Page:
Inner Child: Kids in Adult Bodies

Updated: Aug 29, 2022


inner child work

Everyone has an Inner Child, a child self. It's the part of us that responded to the particular emotional environment in which we grew up. It's the part that responded to challenges and stresses of not getting core basic emotional needs met or being emotionally abandoned, abused, or neglected in some form.



Where the Inner Child Comes From

And the ways the Inner Child responded to all that, were the only thing she discovered, by trial and error, somewhat worked. Meaning, it helped her survive and get through the experiences on some level. That child was receiving emotional treatment that was hurtful, as well as going without some important emotional needs: validation, acceptance, reassurance, and feel loved, worthy, and valid. Those unmet needs don't just go away. Rather, they remain something the child continues to seek external, for years, sometimes a lifetime, in the hopes of getting them met. Or, until you learn how to meet those needs yourself, and start to enjoy also getting them met by the people around you that are healthy, positive, and good for you.


For example, in response to harsh, critical, never-good-enough parenting, kids often absorb it and tell themselves that it's their fault they get treated that way. It works. It helps them continue to trust they are safe and loved and okay, but it leaves a mark and causes damage in their sense of self. It's also a false belief that's not true, and thus leaves a child living with a sense of self at odds with who they truly are. That's deeply uncomfortable, anxiety-provoking, and depressing.


Moreover, this false sense of self is deeply embedded and absorbed, and escorts the child throughout their school years and relationships, and all the way into adult life. That's the Inner Child: that kid part who responded to the childhood environment, and picked up a sense of self as a result, and still remains a very strong, vocal part of ourselves here and now in the present.



Everyone Has An Inner Child

But, just as you have that Inner Child part, you can be confident that everyone around you and everyone you meet has that as well. The people you meet are either healthy and mature, or unhealthy and immature, to the extent that they've connected to that kid part, begun to meet those emotional unmet needs their own through their own efforts like in therapy. In addition, as those emotional needs finally get met, those old defenses transform into strengths, like sensitivity and compassion, insight and awareness, attention to detail, drive to be great, and more.



Kids in Adult Bodies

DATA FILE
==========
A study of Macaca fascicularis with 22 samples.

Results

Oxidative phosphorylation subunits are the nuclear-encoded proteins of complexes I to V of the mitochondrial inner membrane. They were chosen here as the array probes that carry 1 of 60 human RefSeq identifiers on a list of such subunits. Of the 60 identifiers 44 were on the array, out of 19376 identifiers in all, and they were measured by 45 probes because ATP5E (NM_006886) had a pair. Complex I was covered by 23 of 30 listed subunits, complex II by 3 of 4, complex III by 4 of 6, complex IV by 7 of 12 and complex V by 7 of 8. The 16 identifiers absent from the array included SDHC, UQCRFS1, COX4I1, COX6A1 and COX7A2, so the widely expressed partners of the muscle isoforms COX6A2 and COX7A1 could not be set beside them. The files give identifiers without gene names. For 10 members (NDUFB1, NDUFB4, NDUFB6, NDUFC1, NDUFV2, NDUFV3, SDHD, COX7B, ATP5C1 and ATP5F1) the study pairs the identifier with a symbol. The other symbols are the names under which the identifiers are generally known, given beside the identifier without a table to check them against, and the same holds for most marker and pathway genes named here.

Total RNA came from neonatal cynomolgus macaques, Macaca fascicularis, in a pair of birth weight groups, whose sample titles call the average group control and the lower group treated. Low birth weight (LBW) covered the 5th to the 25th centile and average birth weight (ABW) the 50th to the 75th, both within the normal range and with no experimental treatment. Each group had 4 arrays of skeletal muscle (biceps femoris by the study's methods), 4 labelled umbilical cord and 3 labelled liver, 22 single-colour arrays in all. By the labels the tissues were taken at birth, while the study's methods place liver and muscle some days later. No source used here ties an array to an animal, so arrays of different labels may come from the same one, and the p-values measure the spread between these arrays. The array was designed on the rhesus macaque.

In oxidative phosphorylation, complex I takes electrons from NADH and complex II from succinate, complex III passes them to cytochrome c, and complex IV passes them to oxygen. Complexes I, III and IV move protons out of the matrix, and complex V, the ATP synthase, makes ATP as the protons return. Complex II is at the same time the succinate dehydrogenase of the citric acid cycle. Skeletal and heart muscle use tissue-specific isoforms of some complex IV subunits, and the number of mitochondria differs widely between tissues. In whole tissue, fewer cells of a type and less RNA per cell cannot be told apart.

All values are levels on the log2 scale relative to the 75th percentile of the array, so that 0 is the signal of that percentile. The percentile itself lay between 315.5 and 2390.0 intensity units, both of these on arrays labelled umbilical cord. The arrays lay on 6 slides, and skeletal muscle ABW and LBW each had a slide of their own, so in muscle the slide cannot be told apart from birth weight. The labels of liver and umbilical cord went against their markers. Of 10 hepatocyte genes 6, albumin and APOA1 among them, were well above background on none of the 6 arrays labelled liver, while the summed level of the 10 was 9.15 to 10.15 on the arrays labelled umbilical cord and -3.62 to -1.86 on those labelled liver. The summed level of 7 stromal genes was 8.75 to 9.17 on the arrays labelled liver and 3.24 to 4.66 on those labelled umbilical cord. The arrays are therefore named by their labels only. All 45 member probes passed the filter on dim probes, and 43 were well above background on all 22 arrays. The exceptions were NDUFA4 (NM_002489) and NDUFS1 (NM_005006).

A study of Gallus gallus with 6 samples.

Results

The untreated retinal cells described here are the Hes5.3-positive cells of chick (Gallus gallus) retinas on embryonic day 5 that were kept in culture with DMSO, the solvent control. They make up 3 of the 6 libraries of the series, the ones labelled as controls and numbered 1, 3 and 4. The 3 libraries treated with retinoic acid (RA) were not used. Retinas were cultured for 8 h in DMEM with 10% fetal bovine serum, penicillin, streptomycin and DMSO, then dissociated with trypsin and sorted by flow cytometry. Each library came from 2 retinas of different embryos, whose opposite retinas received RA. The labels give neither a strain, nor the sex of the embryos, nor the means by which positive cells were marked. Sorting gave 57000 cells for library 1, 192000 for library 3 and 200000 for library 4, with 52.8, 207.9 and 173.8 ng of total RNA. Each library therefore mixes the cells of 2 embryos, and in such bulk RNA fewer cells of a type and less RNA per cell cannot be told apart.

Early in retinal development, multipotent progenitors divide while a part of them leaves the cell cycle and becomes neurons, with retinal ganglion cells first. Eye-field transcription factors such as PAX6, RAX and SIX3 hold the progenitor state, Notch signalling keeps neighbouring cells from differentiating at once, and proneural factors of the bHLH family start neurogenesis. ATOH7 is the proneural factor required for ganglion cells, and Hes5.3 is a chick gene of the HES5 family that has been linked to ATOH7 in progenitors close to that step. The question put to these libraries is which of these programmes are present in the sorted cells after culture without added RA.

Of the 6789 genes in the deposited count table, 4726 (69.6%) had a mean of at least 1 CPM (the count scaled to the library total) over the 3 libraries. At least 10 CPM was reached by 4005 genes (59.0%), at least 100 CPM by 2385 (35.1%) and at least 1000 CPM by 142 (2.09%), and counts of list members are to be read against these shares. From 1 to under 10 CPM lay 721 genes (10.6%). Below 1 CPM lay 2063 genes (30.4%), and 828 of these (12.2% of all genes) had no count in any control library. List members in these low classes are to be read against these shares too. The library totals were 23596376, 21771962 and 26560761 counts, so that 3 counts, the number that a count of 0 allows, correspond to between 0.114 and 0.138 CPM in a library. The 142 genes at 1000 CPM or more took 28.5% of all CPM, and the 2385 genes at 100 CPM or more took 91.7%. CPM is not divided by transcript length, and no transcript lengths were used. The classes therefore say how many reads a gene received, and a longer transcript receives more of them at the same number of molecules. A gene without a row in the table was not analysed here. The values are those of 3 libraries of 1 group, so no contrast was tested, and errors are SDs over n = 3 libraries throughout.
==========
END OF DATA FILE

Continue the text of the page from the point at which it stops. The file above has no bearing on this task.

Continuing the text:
The more a person heals and grows, working in therapy and engaging in personal growth work, meeting their emotional needs consistently each day, the more they realize that the vast majority of people around them are still dominated by the emotionally out of control Inner Child. In effect, they remain children in adult bodies, which explains the temper tantrums, immature behavior, and emotional extremes so many people display. Use this awareness to help you feel good about your own personal growth, as well as a guide on how to better interact with others.


For example, you would never lecture or enter a deep discussion with a child having a temper tantrum. As far as your friend and other people are concerned, just remember that you can never know what someone else thinks and feels or what their intentions are unless you ask and they tell you. You may have insights or ideas or thoughts, and they may sometimes be true, or pretty close. But it's never your job to play mind reader, and you can never get to the truth unless the person shares it, since their thoughts and feelings are knowable only by them.



Ongoing Relationship With Your Inner Child

You can do what it is that you're doing: beginning to be on the lookout for everything around you guiding you and supporting you and directing you, and providing you examples and further support in your own personal growth efforts. Building a relationship with your Inner Child enables you to experience his emotions less intensely, feel more secure and safe and valid, and deal with others more effectively. Daily interactions now become opportunities to practice getting in touch with your own triggered feelings, hearing and accepting them, and using them to further build and develop your relationship with your Inner Child. When done regularly, your confidence, esteem, validation, and worth grow strong, and you're empowered to be assertive and speak up on your own behalf in all of your relationships.